Friday, 24 June 2016

Leaving the EU

Not a lot I can say. Started the day with something along the lines of "Holy fucking cow"!

I cannot really contribute to the analysis of what is happening today and what will happen next. There are a lot of people reporting that in a lot of detail.

Democracy is all very well, but sadly the only qualifications required to vote are that you survived to your 18th birthday, can find the polling station, and can spell "X".

P.S. Someone took this post as insulting. I was not trying to be insulting, sorry. I think that most people voting on this issue, myself included, lack the necessary experience or qualifications in politics, or economics, to have been able to make a remotely informed decision. We all went on gut feeling or propaganda. That is a problem with democracy, but it is the best we have at the moment.

11 comments:

  1. Spelling 'X' isn't a requirement. The electoral commissions guide to verifying votes states that "a ballot paper on which the vote is marked in the following ways must not be rejected if the voter’s intention is clear" ... otherwise than by means of a cross

    So you could write 'YES' next to your choice and 'NO' next to all the others, and it would still be valid. However, anything that identifies the voter will result in the paper being rejected as this violates the secrecy of the ballot.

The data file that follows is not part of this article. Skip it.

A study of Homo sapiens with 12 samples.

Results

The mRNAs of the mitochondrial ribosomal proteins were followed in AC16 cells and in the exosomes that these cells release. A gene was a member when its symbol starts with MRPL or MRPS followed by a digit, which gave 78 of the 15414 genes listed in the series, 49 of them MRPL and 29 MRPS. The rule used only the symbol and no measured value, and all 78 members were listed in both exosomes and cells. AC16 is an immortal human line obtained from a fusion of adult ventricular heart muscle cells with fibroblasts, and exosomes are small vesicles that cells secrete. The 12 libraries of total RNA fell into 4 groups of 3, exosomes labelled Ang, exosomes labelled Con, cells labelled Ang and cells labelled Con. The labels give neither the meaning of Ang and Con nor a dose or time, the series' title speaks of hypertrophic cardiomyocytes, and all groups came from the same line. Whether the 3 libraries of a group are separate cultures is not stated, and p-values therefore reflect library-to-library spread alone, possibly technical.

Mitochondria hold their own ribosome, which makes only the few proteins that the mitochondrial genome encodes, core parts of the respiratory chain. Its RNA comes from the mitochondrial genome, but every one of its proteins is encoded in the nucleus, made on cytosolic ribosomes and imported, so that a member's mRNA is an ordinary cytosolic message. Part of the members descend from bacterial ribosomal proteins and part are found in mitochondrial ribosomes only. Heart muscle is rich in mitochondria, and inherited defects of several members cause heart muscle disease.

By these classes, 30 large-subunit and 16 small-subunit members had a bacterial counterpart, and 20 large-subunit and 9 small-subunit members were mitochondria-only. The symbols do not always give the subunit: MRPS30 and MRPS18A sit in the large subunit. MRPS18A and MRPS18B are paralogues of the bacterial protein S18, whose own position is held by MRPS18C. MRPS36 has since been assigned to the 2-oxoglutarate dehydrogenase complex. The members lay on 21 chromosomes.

When you get a chance and things have calmed down and become clearer, can you elaborate on what Brexit means for Voice(EU) SIMs?

    Presumably it means practically nothing as far as things such as RIPE is concerned as RIPE covers many countries not in the EU too, but there are probably countless ways, especially where services are provided across current EU borders such as data centre colocation, that are could become a very large can of worms opened up by this vote.

    The brexiteers got what they asked for, however time will tell whether this will be what they wanted.

    Jim (A Remainian)



      Roaming charges? My contract already has lower roaming fees than the EU limit, so no change there - and indeed has cheaper roaming to some non-EU countries than within the EU, so nothing lost. Colocation? My VPSs are in London and the US, so no impact on that either. (My company and I do use some AWS services hosted in the EU, but that doesn't matter; maybe it'll affect prices a bit, but EU and non-EU resources don't differ anyway otherwise.)


    It's probably good that you've done your drone course. If she gets in, there will be lots of call for people to pilot the surveillance drones that will follow every member of the public 24-7, and as an ISP, the telemetry data for the facial expression cameras that attempt to monitor for evidence of thought crime will probably increase demand for connectivity.


      Though they'll probably want to trigger a general election fairly quickly so as to legitimise it; not doing so was a mistake Gordon Brown made.